Sunday went from horrible to great in the span of nine innings for the New York Mets. , Taijuan Walker and the Mets found themselves down 6-0 to the Pirates in the first inning Sunday. Pittsburgh is the lowest-scoring team in baseball, yet they scored 15 runs in three innings spanning Saturday and Sunday.
Walker, fresh off his All-Star Game appearance, faced nine batters Sunday and retired just one, getting leadoff batter Adam Frazier to ground out. After that, the Pirates went double, single, walk, double, walk, walk, infield single*, walk to push across six runs. The infield single comes with an asterisk because folks, you have to see it to believe it.
Here's the video:
Walker thought the ball was rolling foul and flipped it away, but home plate umpire Jeremy Riggs deemed the ball fair, and the play continued. The Kevin Newman infield single and Walker's error -- and Walker pausing to argue rather than immediately retrieving the ball -- allowed the bases to clear and Newman to advance to second.
"Obviously I thought it was foul. It was so close. It is what it is. It's over with and we won the game," Walker said (video link), adding he thought he flipped the ball into the dugout. "... Crazy play. Obviously I was frustrated about it. I was frustrated with myself. I wasn't getting the job done. Just one of those plays that happens."
Mets manager Luis Rojas was livid and argued the call aggressively. He was eventually ejected. Walker also argued fervently, but was not ejected. Five of the six runs were earned and Walker went from a 2.50 ERA to a 2.99 ERA in the span of 35 pitches. He issued four walks Sunday after walking seven batters in his previous six starts combined.
"We deserve a chance where the umpires can meet and talk about it," Rojas told reporters, including Tim Britton of Newsday, after the game. "That's what I tried to get and I was denied, and that got me fired up."
If it makes the Mets and Walker (and their fans) feel better, Walker's play is no worse than the second-dumbest play at PNC Park this season. Will Craig's brain fart remains the undisputed No. 1. You can at least understand why Walker played that ball the way he did. Craig? I got nothing.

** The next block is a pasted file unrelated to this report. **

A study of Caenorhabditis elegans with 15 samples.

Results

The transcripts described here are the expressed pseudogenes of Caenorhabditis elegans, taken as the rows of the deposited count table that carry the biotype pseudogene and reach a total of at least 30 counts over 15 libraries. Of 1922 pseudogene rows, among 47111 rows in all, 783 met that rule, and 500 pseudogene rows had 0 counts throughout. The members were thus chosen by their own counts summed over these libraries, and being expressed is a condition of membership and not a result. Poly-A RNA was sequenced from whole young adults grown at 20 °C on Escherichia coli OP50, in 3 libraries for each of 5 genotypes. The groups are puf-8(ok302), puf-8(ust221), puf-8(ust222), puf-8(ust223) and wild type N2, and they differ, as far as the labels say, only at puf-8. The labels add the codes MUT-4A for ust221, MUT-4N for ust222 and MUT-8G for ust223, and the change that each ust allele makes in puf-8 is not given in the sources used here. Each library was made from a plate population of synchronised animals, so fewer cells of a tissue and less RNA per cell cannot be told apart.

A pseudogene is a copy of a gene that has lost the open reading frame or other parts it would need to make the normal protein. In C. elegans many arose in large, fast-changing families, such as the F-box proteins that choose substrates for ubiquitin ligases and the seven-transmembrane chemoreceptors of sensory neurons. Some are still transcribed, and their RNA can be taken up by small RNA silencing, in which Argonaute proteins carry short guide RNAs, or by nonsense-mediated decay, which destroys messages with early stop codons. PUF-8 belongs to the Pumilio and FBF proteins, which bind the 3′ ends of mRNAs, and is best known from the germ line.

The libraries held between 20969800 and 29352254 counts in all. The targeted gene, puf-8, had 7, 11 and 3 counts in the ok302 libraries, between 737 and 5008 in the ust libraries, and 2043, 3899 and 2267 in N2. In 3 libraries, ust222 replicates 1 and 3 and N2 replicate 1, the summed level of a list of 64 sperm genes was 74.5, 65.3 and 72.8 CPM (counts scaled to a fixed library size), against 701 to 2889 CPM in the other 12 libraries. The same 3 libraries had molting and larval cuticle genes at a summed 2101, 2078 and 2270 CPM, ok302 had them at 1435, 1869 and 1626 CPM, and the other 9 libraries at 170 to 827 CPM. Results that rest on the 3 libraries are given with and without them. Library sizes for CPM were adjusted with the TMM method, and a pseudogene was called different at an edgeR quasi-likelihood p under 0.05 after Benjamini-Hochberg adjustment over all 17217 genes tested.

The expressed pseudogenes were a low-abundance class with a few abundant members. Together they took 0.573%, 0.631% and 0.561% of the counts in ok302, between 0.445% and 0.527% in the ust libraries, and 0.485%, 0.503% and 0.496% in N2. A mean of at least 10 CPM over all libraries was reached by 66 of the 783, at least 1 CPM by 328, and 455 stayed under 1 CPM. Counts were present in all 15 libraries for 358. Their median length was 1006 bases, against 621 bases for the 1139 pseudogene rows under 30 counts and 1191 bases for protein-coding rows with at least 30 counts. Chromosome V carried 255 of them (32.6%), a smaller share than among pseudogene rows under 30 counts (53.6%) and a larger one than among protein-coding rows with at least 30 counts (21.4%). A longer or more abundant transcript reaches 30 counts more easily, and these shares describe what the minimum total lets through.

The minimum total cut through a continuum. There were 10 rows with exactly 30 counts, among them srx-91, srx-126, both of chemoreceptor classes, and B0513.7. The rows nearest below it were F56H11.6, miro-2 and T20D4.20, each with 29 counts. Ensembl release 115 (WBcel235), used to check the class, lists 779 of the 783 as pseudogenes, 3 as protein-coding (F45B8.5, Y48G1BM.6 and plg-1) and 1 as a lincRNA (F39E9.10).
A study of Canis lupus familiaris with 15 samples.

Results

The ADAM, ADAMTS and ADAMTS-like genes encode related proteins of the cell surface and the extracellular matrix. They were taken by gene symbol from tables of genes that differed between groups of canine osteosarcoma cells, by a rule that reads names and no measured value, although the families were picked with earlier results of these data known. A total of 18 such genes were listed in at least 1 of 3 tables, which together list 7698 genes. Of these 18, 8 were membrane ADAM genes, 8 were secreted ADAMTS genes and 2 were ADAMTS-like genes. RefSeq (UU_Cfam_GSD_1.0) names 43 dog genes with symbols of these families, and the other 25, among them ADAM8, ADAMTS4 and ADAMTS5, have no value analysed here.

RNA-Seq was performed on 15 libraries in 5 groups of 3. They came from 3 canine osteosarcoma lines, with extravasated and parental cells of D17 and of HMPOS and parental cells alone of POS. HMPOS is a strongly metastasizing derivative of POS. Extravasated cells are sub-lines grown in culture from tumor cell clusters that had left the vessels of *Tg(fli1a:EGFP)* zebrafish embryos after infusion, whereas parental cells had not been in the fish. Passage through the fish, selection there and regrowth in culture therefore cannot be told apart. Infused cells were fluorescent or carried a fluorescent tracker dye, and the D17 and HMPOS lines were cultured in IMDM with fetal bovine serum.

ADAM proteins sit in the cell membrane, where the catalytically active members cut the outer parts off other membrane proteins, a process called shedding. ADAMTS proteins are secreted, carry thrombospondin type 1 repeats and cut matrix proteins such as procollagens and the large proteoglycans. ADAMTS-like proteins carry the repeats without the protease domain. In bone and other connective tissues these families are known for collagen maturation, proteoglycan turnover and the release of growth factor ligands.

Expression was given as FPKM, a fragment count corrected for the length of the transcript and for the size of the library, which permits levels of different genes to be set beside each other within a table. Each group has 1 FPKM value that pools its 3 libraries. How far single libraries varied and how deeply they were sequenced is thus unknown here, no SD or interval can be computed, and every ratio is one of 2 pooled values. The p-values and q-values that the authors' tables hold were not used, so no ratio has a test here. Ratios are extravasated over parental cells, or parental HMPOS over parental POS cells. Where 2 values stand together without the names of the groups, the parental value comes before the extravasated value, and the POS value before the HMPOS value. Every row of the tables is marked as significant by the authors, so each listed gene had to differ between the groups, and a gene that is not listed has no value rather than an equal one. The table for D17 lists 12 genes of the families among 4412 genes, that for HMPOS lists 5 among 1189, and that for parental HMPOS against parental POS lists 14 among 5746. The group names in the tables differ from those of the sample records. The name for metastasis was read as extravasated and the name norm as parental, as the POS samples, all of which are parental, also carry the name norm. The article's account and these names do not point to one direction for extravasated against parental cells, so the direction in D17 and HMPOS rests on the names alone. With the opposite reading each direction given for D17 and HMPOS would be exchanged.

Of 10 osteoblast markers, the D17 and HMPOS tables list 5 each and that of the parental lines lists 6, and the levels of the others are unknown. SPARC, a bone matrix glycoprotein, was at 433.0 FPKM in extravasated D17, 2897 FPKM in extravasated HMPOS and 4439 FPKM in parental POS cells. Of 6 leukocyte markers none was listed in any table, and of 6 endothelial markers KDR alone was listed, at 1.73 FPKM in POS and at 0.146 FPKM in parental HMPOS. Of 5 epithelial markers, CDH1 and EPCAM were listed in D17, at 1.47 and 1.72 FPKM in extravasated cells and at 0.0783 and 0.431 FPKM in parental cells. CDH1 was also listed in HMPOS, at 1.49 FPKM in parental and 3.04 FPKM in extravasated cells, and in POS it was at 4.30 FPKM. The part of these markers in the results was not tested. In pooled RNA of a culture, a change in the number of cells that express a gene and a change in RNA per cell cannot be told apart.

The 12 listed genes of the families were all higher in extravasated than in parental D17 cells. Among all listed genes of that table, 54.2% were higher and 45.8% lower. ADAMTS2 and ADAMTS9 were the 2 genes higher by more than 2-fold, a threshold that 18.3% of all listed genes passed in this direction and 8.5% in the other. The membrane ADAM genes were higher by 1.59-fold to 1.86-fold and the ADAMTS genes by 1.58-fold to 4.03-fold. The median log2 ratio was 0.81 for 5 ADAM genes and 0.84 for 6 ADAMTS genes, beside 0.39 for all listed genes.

Anyway, give the Mets credit. They didn't go away quietly. They chipped away in the middle innings Sunday and received a huge lift when Travis Blankenhorn clubbed a three-run pinch-hit home run in the fourth inning. That got the Mets to within 6-4. Then, in the ninth, Michael Conforto blasted a go-ahead two-run homer. Trevor May, not Edwin Díaz, closed out the win (NYM 7, PIT 6).
"He was fired up for sure, and I think that got the whole team fired up to see him have our backs out there," Walker said (video link). "He's usually cool-mannered and everyone thought it was foul. It was a big money early in the game -- the first inning -- I think he just got everyone fired up in the dugout and we really wanted to win that game."
The Mets blew a six-run lead Saturday and the Pirates returned the favor Sunday. This is the third time a team has allowed at least six runs in the first inning and won this season, with the Mets joining the Brewers on June 30 and the Angels on July 1. MLB.com's Sarah Langs notes there have not been three such games in a single season since 2006.
With Sunday's win, the Mets avoided a three-game sweep to the Pirates after splitting four games with Pittsburgh in Citi Field last weekend. Going 2-5 against the Pirates would've been disastrous given the competitive NL East race. Going 3-4 against Pittsburgh isn't great, but it is better than the alternative. Sunday's win was a good character win for the Mets.
"We're going to show up and play to win, regardless of the guys that we don't have," Conforto told reporters, including Mike Puma of the New York Post, following Sunday's game. "... We'll keep the ship steady until those guys are back."